Are Pineapples the Key to the War Against Superbugs?

Enzymes work with gut cells to prevent bacteria from attaching rather than targeting the bacteria itself

Multi-drug resistant bacteria, or superbugs, are predicted to kill about 10 million people a year by 2050.

Superbugs have a new enemy, and it can be found at your local supermarket.

Australian scientists have found that a collection of enzymes in the stems and roots of pineapples can cure diarrhea in piglets, providing a natural remedy rather than having to use antibiotics. Treating piglets in this way would remove antibiotics from the human food chain and likely provide an alternative treatment for humans as well, according to La Trobe University biochemist Rob Pike.

Professor Pike said, “Indiscriminate use of antibiotics has resulted in resistant bacteria, and this contributes to the rise of superbugs.”

Superbugs are predicted to be more deadly than cancer if left unchecked — killing about 10 million people a year by 2050 — reports The Sydney Morning Herald.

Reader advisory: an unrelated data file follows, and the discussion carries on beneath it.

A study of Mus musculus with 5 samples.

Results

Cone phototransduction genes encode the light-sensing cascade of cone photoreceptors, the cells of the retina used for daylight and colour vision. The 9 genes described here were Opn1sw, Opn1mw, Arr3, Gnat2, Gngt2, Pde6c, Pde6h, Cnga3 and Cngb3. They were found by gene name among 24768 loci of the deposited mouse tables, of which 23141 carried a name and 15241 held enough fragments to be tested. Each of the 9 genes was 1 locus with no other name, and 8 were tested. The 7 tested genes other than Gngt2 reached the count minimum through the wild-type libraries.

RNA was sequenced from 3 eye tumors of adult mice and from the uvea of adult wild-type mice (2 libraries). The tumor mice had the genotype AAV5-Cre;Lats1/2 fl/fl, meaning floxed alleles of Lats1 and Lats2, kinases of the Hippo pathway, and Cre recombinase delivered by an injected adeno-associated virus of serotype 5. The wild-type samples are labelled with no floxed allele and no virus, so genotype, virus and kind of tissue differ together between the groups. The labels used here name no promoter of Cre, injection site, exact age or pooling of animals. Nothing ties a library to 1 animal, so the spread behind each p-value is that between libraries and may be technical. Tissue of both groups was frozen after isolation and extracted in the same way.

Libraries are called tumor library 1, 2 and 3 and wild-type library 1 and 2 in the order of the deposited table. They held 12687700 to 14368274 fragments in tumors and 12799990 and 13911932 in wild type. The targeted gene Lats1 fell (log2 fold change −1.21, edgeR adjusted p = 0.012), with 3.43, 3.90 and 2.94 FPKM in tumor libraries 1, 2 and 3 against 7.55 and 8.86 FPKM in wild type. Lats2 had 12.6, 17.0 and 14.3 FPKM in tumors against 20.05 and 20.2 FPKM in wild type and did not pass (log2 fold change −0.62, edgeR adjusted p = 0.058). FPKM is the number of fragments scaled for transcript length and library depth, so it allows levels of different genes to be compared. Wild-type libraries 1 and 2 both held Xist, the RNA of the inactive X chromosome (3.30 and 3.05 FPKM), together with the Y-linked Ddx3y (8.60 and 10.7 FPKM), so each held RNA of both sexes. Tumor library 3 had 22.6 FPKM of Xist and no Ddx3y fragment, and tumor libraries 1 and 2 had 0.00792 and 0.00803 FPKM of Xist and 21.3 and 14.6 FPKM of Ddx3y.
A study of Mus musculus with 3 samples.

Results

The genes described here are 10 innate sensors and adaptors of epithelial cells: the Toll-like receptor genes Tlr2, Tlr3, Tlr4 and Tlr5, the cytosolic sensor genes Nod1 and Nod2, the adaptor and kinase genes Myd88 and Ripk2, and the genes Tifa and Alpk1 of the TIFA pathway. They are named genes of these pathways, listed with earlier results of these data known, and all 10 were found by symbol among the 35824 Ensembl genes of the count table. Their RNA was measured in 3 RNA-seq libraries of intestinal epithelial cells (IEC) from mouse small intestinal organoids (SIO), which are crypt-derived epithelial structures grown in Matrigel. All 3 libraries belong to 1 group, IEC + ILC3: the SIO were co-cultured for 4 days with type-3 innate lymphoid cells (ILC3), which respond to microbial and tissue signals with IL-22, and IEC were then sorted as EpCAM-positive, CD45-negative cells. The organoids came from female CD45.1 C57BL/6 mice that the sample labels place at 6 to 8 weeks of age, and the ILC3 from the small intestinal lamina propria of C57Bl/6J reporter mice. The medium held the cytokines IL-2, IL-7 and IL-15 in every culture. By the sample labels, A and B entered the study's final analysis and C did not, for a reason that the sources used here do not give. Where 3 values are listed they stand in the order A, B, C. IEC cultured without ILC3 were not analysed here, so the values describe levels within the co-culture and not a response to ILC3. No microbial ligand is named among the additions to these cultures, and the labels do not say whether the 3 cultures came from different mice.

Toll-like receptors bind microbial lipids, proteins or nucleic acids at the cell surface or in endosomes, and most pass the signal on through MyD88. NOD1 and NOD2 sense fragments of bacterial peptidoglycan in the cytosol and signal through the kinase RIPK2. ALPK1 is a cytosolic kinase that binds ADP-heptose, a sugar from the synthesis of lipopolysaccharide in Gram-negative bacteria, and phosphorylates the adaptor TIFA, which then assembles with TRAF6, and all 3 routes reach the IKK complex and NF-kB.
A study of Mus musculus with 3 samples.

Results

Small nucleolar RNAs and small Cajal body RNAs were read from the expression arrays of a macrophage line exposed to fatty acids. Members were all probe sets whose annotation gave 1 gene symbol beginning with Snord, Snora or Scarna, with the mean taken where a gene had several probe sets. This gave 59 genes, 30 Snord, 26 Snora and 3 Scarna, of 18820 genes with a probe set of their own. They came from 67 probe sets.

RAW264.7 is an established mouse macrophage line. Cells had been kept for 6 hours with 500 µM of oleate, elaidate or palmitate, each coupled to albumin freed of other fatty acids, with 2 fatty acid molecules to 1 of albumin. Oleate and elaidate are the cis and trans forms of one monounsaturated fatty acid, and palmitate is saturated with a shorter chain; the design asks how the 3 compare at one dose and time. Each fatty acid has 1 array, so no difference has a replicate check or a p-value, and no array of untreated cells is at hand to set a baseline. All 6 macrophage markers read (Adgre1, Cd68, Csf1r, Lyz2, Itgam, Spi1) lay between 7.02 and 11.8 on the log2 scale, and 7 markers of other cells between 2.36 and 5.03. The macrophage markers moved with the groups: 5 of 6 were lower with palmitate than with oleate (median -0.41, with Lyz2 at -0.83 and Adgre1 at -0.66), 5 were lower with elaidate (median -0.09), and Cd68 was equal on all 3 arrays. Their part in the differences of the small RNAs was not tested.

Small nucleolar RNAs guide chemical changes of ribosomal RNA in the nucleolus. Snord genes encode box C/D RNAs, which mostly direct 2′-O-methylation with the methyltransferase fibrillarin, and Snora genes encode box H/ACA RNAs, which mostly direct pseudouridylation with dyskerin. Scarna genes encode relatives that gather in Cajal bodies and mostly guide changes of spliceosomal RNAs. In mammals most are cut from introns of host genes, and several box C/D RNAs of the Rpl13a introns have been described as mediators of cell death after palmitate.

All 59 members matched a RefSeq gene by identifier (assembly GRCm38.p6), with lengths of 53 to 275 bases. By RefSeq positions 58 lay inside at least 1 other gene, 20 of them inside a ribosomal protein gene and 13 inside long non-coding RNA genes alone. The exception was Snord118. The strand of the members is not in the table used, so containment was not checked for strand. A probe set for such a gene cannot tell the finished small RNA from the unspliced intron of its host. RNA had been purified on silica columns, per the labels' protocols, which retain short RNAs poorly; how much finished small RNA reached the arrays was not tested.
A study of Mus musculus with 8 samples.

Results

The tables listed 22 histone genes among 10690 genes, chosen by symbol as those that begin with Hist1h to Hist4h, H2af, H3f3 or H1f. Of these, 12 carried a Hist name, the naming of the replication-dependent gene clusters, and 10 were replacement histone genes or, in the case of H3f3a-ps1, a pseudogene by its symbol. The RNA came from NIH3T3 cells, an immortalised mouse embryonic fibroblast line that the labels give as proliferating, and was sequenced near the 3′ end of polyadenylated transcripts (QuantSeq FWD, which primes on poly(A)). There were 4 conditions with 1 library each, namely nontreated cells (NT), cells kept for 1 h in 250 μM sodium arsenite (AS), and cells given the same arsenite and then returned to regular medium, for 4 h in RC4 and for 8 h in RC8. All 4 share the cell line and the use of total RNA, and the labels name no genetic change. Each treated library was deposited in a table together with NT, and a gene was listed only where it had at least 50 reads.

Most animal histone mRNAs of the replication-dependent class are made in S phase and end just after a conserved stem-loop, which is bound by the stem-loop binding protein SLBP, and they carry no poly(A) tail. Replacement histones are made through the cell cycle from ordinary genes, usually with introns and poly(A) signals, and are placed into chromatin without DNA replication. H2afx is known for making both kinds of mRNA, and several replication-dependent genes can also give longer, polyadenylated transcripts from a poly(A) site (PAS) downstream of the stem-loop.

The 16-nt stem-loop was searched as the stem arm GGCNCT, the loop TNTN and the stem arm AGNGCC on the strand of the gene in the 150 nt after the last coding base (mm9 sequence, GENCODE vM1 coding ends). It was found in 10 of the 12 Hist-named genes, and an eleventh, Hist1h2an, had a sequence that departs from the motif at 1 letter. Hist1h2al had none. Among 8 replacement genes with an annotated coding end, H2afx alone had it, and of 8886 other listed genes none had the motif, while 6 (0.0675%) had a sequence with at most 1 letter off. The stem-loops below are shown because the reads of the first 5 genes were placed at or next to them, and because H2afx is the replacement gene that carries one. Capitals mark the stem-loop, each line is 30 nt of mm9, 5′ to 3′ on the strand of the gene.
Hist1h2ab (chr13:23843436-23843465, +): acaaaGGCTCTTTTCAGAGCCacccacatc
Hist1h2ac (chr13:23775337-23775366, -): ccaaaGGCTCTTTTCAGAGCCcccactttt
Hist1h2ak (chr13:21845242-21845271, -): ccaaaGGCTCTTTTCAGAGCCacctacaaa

Rather than targeting the bacteria itself, like antibiotics, the pineapple enzymes work with the cells in the pig’s gut to make it difficult for the bacteria to attach to the cells and therefore prevent it from taking hold in the first place.

“I believe this is a whole new way of going about the treatment of diarrhea,” Professor Pike said. “It means that the pig cells are no longer vulnerable to bacteria.”

Pig farmers currently rely on antibiotics to treat scour, or pre-weaning diarrhea in piglets, a common cause of death that costs the Australian pig industry more than $7 million a year.


Check out our roundup of feel-better foods that double as natural remedies.